513 dengue cases in Singapore last week, slight fall after 40% spike the previous week

A yellow dengue alert poster at a bus stop in Clementi.
A yellow dengue alert poster at a bus stop in Clementi. PHOTO: ST FILE

SINGAPORE - A total of 513 dengue cases were reported in the week ending Feb 27, according to the latest figures on the National Environment Agency's (NEA) dengue website.

This was a fall of 80 cases from the previous week, which had experienced a 40 per cent spike from the week before, amid concerns that the virus could reach record levels this year.

Another 73 cases were reported between Sunday (Feb 28) and 3.30pm on Monday.

Since Jan 3, 4,548 people have been infected with the virus. Two have died from dengue - a 67-year-old Singaporean man who lived in Toa Payoh and a 47-year-old man who resided in Marsiling Rise.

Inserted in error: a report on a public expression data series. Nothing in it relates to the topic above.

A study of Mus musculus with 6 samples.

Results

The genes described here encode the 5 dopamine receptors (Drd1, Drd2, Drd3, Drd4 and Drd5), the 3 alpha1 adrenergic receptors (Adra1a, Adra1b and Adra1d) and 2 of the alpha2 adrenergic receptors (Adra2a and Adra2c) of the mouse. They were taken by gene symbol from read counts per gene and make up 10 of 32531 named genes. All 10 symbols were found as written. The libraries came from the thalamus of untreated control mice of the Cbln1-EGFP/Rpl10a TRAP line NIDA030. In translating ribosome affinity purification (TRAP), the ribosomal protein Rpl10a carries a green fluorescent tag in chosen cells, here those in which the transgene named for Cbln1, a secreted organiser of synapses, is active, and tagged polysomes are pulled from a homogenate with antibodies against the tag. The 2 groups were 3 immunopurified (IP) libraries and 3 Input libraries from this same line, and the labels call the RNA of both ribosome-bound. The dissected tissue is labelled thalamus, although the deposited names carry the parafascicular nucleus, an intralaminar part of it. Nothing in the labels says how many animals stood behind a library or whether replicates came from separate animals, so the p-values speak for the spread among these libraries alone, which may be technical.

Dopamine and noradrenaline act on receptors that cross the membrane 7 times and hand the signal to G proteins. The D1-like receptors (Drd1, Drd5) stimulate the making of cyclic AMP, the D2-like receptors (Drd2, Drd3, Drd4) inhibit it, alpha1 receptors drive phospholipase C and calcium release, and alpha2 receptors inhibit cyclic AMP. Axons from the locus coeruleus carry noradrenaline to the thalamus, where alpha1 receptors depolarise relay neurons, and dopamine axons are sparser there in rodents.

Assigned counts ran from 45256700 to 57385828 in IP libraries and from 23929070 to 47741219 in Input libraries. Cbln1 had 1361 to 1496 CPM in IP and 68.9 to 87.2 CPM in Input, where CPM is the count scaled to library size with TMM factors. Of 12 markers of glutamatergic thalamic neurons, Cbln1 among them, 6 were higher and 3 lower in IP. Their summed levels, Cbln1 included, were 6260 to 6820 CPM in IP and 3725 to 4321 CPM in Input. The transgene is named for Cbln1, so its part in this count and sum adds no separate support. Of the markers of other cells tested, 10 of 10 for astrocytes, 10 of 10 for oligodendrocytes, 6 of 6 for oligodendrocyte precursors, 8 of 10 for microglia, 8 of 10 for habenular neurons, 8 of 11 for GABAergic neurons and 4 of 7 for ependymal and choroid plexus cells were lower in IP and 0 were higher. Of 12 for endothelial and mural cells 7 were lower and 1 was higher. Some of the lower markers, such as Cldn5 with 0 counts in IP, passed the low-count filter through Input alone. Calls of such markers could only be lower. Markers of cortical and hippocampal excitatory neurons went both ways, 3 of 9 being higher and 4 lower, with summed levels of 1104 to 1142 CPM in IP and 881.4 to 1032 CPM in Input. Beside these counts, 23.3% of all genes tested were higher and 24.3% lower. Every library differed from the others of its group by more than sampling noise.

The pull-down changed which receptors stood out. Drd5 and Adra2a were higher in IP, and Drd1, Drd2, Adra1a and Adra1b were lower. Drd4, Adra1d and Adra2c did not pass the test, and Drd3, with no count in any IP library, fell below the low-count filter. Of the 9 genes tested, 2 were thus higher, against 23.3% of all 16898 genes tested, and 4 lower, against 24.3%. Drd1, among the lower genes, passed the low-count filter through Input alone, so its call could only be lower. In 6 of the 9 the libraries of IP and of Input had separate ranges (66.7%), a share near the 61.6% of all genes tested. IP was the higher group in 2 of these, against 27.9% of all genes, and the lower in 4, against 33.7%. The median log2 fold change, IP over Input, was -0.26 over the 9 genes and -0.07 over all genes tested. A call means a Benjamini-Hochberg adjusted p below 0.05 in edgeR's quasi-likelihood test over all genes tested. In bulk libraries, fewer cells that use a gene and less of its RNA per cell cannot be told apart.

Having previously warned that dengue cases could hit a record high of 30,000 - surpassing the previous record of 22,170 cases in 2013 - NEA has stepped up enforcement efforts to curb the mosquito population.

On Sunday, Environment and Water Resources Minister Masagos Zulkifli announced that all homes - whether they are within or outside dengue clusters - will be fined $200 if they are found to be breeding mosquitoes. Previously, only homes within dengue clusters were affected by the fine.


The new measure will take effect from March 14.

"The majority of the breeding places are still found in homes, the usual places again and again, and therefore we will be toughening our approach towards home owners," Mr Masagos said at the launch of an annual campaign to eliminate mosquito breeding.

NEA revealed it conducted 126,000 inspections islandwide in January, finding more than 1,900 cases of mosquito breeding.

As part of efforts to raise public awareness, more than 5,000 volunteers will be trained to conduct home visits, adding to the existing pool of 5,800 already trained by NEA.

For the latest updates on the dengue situation, visit the Stop Dengue Now Facebook page, www.dengue.gov.sg or the myENV app.